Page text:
How does an extra mid-size core affect power consumption?
Today, it seems to be all the rage for automotive manufacturers to try to continuously one up the competition by announcing a new transmission that has more gears or “speeds.” (Popular Mechanics did a nice article about why you would want more gears.) Basically, transmission designers want to keep the engine operating at or near its peak operating efficiency point and extend the operating range of the vehicle. For example, Mercedes now offers a 9-speed automatic, the 9G-TRONIC. Continuously variable transmissions sort of take this concept to its logical extreme by holding the engine at its peak efficiency point and changing the velocity by continuously changing the gearing ratio.
Building on this concept, MediaTek announced its Helio X20: The First Tri-Gear Mobile SoC with CorePilot 3.0 Technology at the 28th Hot Chips conference this week in Cupertino, Calif. So you may be asking what’s a tri-gear SoC? Glad you asked. Using our automotive analogy, we can think of voltage as the accelerator and frequency as the RPM. If we scale the frequency using the voltage, analogous to controlling the RPM with the gas pedal, then how fast we’ll go will be determined by the gearing x the RPM. And the amount of computation we’ll perform will be determined by the frequency x the number of instructions per cycle (IPC) capability of the processor core.
Many SoC designers have long leveraged off of ARM’s big.LITTLE technology by using two different cores, one with lower IPC, better energy-efficiency and lower compute capability, and a second core designed with higher IPC, higher compute capability and less energy efficiency. Again, comparing to automobiles, if you buy a faster car you typically expect lower fuel economy. And for the Tesla drivers out there, the faster you drive your Tesla the shorter will be your overall travel range, too. So we can think of big.LITTLE as a twin-gear system. You use the lighter (low gear) core for light task loads and the heavier (high gear) core for the heavy task loads.
MediaTek performed some studies shown in Figure 1 about the types of workloads performed on consumer devices and found that there were a significant number of scenarios where there’s a medium workload that warranted a “mid-performance” core. In other words, the typical little (low gear) core didn’t have the compute capability to handle the workload, but the big (high gear) core was actually overkill for that workload and led to a waste in energy.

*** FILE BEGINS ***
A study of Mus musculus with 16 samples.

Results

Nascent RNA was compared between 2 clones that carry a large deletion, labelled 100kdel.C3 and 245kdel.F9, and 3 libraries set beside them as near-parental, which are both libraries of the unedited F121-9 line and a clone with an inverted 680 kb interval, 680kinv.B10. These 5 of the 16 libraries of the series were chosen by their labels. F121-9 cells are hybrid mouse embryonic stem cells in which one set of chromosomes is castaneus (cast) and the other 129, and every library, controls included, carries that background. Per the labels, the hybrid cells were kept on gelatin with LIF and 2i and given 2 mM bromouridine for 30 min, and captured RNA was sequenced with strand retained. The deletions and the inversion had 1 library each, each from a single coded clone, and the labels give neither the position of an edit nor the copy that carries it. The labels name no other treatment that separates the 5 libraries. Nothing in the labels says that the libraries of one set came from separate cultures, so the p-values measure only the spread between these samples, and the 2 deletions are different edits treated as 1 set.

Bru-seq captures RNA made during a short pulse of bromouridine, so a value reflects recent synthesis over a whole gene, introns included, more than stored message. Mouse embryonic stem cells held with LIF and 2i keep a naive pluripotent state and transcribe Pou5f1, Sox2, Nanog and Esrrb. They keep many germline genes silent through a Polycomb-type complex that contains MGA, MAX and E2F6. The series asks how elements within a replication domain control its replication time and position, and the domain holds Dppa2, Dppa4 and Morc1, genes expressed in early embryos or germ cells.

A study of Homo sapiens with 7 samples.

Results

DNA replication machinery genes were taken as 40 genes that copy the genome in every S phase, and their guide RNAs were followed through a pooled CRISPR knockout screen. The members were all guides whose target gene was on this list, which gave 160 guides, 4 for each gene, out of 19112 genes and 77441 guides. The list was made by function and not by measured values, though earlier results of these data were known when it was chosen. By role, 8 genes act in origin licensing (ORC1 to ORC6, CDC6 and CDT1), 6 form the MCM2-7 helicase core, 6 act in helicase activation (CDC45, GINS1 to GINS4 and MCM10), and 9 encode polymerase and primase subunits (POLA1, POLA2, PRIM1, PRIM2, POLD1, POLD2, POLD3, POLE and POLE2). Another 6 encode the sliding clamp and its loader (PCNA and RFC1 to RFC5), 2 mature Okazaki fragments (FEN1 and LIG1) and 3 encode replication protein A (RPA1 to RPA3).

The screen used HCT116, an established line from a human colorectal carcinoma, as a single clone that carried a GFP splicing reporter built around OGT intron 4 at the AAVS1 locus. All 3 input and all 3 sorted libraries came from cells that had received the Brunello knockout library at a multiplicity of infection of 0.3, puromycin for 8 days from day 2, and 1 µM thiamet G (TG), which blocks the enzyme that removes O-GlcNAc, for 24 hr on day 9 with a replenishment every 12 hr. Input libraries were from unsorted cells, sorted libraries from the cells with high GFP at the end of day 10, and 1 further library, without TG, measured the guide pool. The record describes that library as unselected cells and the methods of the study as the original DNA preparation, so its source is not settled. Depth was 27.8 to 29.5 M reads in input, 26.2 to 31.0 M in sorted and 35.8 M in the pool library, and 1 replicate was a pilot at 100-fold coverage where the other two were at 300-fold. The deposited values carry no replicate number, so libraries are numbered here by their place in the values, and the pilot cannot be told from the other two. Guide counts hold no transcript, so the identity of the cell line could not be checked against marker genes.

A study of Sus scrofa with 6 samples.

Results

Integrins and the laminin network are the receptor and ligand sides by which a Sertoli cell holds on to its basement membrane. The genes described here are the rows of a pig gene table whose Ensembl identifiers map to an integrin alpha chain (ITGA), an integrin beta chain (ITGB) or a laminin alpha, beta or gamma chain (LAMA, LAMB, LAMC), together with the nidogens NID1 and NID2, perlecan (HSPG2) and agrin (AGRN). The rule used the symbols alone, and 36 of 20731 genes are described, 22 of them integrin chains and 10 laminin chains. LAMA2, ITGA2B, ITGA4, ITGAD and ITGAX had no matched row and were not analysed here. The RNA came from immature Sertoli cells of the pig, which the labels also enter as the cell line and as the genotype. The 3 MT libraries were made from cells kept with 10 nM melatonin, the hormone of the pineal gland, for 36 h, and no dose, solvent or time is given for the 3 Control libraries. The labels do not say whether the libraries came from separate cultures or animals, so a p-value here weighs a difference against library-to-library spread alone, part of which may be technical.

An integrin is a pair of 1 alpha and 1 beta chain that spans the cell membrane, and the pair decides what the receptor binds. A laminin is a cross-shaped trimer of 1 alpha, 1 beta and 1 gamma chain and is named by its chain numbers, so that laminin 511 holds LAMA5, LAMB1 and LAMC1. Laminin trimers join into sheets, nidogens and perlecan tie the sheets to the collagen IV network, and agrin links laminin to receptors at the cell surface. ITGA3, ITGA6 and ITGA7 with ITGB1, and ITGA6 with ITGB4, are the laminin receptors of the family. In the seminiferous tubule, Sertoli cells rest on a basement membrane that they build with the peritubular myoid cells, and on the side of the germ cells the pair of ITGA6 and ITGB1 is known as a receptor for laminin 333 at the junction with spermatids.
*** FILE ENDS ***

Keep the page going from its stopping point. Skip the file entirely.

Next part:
MediaTek’s solution to this problem was to go ahead and design a third core to handle those medium workload tasks. In this case, they chose to design a higher clocking version of the A53 core to act as the “mid-gear,” and which is distinct from the lower clock speed “low-gear” A53. Figure 2, above, shows the performance/energy tradeoff for each of the cores. As the compute demand goes up, the workload is shifted to a higher performing core with the associated increase in energy consumption.
David Lee from MediaTek described a number of the enhancements that had to be performed to make efficient use of their new 10-core SoC. The coherent interconnect between the cores and memories was expanded to 3 ACE ports, one for each group of processors. Normally, the increased logic would imply an increase in power, but MediaTek claims ~50% power reduction by sub-module Fine-Grain Clock Gating (FGCG).
Through the use of what MediaTek calls Intelligent Core Activation Technology (ICAT), CPU0 can be dynamically migrated to the Mid-core CPU0 and the Min-cores can be taken offline. On top of ICAT, MediaTek also uses Asymmetric Multi-Processing (AMP), which packs tasks to the Mid-cores for sustainable performance and packs tasks to Min-cores for low power. The Hybrid Scheduler then uses HMP for an instant boost to utilize the Max-cores for urgent or heavy tasks as needed.
So, what does having a new “mid” gear buy the Helio X20? Figure 3 shows a figure comparing some different workloads run on an X20 with and without the Mid-core functionality enabled. This at least gives an apples-to-apples comparison on the same technology node, but probably leaves in some overhead of the tri-gear implementation—plus whatever modifications designers would’ve made to the Min and Max cores had they known there wasn’t going to be a Mid-core. Still, the results look pretty interesting, and having the Mid-cores on the X20 definitely helps improve its energy efficiency over just using the Min and Max-cores alone.
There have been numerous instances of designers taking software tasks and using chip real estate to create better-performing and more energy-efficient implementations when compared to running the same tasks on a CPU. As the technology nodes continue to scale and dark silicon is looking like it’s becoming more of a reality, the use of some chip real estate to create a broader spectrum of CPUs in terms of performance and energy efficiency is an interesting concept. What may be more interesting though is to see if this tradeoff becomes compelling going forward.